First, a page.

Jaguar-Land Rover Just Created A Naming Scheme That Doesn't Suck

Industry News

JLR just showed the automotive world how it's done.

We yearn for the days when model names actually had something do do with the car's engine. Just look at any car in the BMW or Mercedes range, and it is pretty much impossible to glean any information about the engine from the car's name. Audi recently revealed a new naming strategy for its cars, which left a lot of people scratching their heads. According to Auto Express, Jaguar-Land Rover has just released a naming scheme that will get rid of all of the confusion that is associated with the company's models.

Unlike the Audi naming scheme, JLR's model designations will identify horsepower and fuel type without a complicated conversion. Audi uses a system where the car's power is shown in kilowatts, which is something that almost no one uses to measure a car's power. JLR will simply put the horsepower right on the badge. An Auto Express reader spotted a Jaguar F-Type with a P380 AWD badge. This clearly denotes that the F-Type has the 380 hp 3.0-liter supercharged V6 and AWD. The P stands for petrol (which is what the Brits call gasoline). The lower 2.0-liter four-cylinder model will get a P300 badge, reflecting it 300-hp, petrol engine. Get it?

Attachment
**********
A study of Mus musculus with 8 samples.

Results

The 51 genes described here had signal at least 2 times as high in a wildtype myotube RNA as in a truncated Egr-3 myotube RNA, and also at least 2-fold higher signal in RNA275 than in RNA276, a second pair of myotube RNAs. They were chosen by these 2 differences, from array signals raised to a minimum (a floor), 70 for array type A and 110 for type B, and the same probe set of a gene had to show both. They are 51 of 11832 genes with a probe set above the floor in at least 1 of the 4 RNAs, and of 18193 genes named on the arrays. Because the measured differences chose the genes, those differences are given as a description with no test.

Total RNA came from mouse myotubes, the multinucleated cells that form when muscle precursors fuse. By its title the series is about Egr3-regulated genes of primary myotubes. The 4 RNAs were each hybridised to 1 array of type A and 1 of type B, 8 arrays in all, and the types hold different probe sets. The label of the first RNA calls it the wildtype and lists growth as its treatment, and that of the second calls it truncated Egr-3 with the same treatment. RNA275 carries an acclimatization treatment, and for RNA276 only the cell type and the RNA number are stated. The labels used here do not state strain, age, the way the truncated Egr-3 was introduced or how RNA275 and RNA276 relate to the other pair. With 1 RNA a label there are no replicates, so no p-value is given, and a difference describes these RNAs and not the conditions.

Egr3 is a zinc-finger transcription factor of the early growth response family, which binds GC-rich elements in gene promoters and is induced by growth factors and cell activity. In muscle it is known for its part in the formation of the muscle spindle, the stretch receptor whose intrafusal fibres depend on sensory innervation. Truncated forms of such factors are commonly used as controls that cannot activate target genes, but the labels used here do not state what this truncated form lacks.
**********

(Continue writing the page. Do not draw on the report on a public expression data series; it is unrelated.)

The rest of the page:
You Might Also Like
Cool Cars That Are Worth Wasting Your Money On
Cool Cars That Are Worth Wasting Your Money On
400-HP Performance Bargains For Under $20,000
400-HP Performance Bargains For Under $20,000

Land Rover will debut this scheme with the new Range Rover Velar. The base diesel model will be called the D180 (D for diesel), while the range topper will share the F-Type's P380 badge. Electric and hybrid models will get a different designation. The I-Pace will come with an E400 badge because it produces 395 hp. We have to give JLR a huge amount of credit. This system is easy to understand and fixes a huge problem in the auto industry. Sometimes the simplest solution is the best one. We hope that other automakers take notice, and fix their ridiculous naming schemes. This also fixes Jaguar's complicated naming scheme, which called a 3.0-liter supercharged V6 a 35t for some reason.